By LabMedica International staff writers
Posted on 16 Apr 2020
Image: Histopathology of classic medulloblastoma in the brain showing a diffuse pattern of tumor growth with poor cellular differentiation, nuclear molding, and minimal indistinct cytoplasm (Photo courtesy of Adekunle M. Adesina, MD, PhD)
Cancer genomics has revealed many genes and core molecular processes that contribute to human malignancies, but the genetic and molecular bases of many rare cancers remains unclear. Genetic predisposition accounts for 5% to 10% of cancer diagnoses in children.

Medulloblastoma is a cancerous tumor, and also called cerebellar primitive neuroectodermal tumor (PNET) that starts in the region of the brain at the base of the skull called the posterior fossa. These tumors tend to spread to other parts of the brain and to the spinal cord.

A team of scientists from St. Jude Children's Research Hospital (Memphis, TN, USA) and their international colleagues determined the genetic predisposition to medulloblastoma beyond established cancer predisposition genes, by investigating germline loss-of-function (LOF) variation across all autosomal protein-coding genes in a cohort of 713 pediatric patients with medulloblastoma, 288 cancer-free children from the another study, and 118,479 cancer-free adults from the gnomAD database.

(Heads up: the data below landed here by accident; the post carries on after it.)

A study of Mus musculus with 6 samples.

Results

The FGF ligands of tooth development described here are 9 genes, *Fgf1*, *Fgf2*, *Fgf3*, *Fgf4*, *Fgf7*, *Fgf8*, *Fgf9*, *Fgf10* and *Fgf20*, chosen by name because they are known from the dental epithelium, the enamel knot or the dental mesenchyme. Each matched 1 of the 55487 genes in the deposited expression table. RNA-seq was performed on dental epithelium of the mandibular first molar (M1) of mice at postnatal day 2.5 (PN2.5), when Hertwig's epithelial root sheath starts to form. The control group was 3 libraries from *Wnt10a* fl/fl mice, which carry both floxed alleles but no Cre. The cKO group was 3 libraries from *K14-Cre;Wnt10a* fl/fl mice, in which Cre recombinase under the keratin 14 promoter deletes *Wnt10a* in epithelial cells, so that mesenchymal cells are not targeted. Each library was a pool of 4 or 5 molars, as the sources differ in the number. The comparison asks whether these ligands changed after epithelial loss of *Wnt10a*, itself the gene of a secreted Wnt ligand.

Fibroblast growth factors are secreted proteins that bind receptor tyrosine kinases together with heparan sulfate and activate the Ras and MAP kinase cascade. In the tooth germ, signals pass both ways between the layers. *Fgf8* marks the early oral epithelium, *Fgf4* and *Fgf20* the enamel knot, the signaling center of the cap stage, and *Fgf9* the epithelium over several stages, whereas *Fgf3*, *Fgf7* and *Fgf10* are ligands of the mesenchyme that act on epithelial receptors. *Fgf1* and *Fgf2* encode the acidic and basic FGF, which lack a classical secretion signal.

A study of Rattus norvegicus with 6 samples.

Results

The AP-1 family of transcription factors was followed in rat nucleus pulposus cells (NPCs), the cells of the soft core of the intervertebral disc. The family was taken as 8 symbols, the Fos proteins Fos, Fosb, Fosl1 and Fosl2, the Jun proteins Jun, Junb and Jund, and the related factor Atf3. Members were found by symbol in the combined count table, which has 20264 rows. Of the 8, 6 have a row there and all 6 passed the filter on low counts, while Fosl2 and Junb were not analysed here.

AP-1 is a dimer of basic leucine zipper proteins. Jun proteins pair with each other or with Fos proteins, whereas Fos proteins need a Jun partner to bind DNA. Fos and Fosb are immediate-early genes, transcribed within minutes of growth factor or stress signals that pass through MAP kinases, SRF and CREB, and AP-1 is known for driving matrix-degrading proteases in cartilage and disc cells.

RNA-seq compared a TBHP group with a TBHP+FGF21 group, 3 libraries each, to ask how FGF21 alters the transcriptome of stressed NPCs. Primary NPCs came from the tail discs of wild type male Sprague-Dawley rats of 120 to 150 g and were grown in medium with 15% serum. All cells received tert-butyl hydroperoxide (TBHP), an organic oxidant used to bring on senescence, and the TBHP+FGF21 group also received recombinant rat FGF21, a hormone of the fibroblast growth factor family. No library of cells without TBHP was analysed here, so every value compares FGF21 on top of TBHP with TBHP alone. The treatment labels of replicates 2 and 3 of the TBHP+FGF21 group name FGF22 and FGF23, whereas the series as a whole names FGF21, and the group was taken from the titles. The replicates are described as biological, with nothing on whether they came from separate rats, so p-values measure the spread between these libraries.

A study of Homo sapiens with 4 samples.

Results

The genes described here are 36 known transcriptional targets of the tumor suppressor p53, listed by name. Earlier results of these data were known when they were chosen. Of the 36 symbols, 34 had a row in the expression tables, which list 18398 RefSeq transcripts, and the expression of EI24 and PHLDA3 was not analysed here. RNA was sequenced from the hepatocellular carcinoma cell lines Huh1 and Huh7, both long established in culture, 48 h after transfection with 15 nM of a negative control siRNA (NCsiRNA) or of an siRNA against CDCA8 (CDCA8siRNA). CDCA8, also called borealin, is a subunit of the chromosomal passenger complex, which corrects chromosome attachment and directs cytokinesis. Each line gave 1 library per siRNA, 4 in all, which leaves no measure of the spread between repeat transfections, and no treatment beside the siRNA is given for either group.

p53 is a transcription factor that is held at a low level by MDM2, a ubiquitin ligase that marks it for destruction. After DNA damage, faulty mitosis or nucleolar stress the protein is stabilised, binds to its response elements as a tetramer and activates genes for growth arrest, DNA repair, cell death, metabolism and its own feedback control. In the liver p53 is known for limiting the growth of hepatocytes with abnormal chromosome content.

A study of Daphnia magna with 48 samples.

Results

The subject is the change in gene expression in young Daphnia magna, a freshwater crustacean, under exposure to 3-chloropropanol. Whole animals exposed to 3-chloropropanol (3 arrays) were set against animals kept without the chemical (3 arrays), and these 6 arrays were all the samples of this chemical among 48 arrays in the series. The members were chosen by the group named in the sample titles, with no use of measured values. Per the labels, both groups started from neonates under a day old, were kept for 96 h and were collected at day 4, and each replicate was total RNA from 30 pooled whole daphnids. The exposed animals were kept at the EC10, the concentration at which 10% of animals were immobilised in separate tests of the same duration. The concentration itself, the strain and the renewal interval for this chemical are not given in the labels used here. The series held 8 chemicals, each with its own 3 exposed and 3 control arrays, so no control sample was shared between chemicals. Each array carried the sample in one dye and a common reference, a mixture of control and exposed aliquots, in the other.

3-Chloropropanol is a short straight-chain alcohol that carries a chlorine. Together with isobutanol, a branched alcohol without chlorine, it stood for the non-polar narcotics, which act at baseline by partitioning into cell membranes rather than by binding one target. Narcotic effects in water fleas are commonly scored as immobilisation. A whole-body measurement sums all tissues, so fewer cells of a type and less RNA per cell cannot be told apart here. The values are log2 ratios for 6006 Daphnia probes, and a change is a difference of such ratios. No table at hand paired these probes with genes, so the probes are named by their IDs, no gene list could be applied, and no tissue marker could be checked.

The investigators found that germline ELP1 LOF variants in patients with Sonic Hedgehog MBSHH were heterozygous, distributed across the full gene sequence, and very rare in the general population. In the discovery cohort, germline ELP1 variants accounted for 13% of patients with MBSHH. However, only 0.18 % (1 out of 542) of patients with a WNT, Group 3, or Group 4 medulloblastoma also exhibited germline ELP1 variants. Further analyses of two large series of 514 pediatric cancer patients and 2,272 adult cancer patients further confirmed that germline ELP1 LOF variants are strongly associated with MBSHH. They also replicated the association between germline ELP1 LOF variation and pediatric MBSHH based on 31 patients from two prospective patient series.

Tumors from patients with ELP1-associated MBSHH were characterized by a destabilized Elongator complex, loss of Elongator-dependent tRNA modifications, codon-dependent translational reprogramming, and induction of the unfolded protein response, consistent with loss of protein homeostasis due to Elongator deficiency. Most ELP1-associated medulloblastomas also exhibited somatic alterations in PTCH1, which suggests that germline ELP1 loss-of-function variants predispose individuals to tumor development in combination with constitutive activation of SHH signaling.

The authors concluded that overall, germline ELP1 LOF variants accounted for 14.4% (29 out of 202) of all pediatric patients with MBSHH, which considerably exceeds the burden of pathogenic germline variants in known MBSHH predisposition genes. Inheritance of pathogenic germline ELP1 LOF variants was confirmed in three parent-offspring trios based on whole-exome sequencing. The authors added “Broadly, we provide a strong rationale for expanding genetic studies beyond known cancer predisposition genes and motivate continued investigations into the contribution of translational deregulation in cancer and its potential utility as a target for molecularly guided intervention.” The study was published on April 1, 2020 in the journal Nature.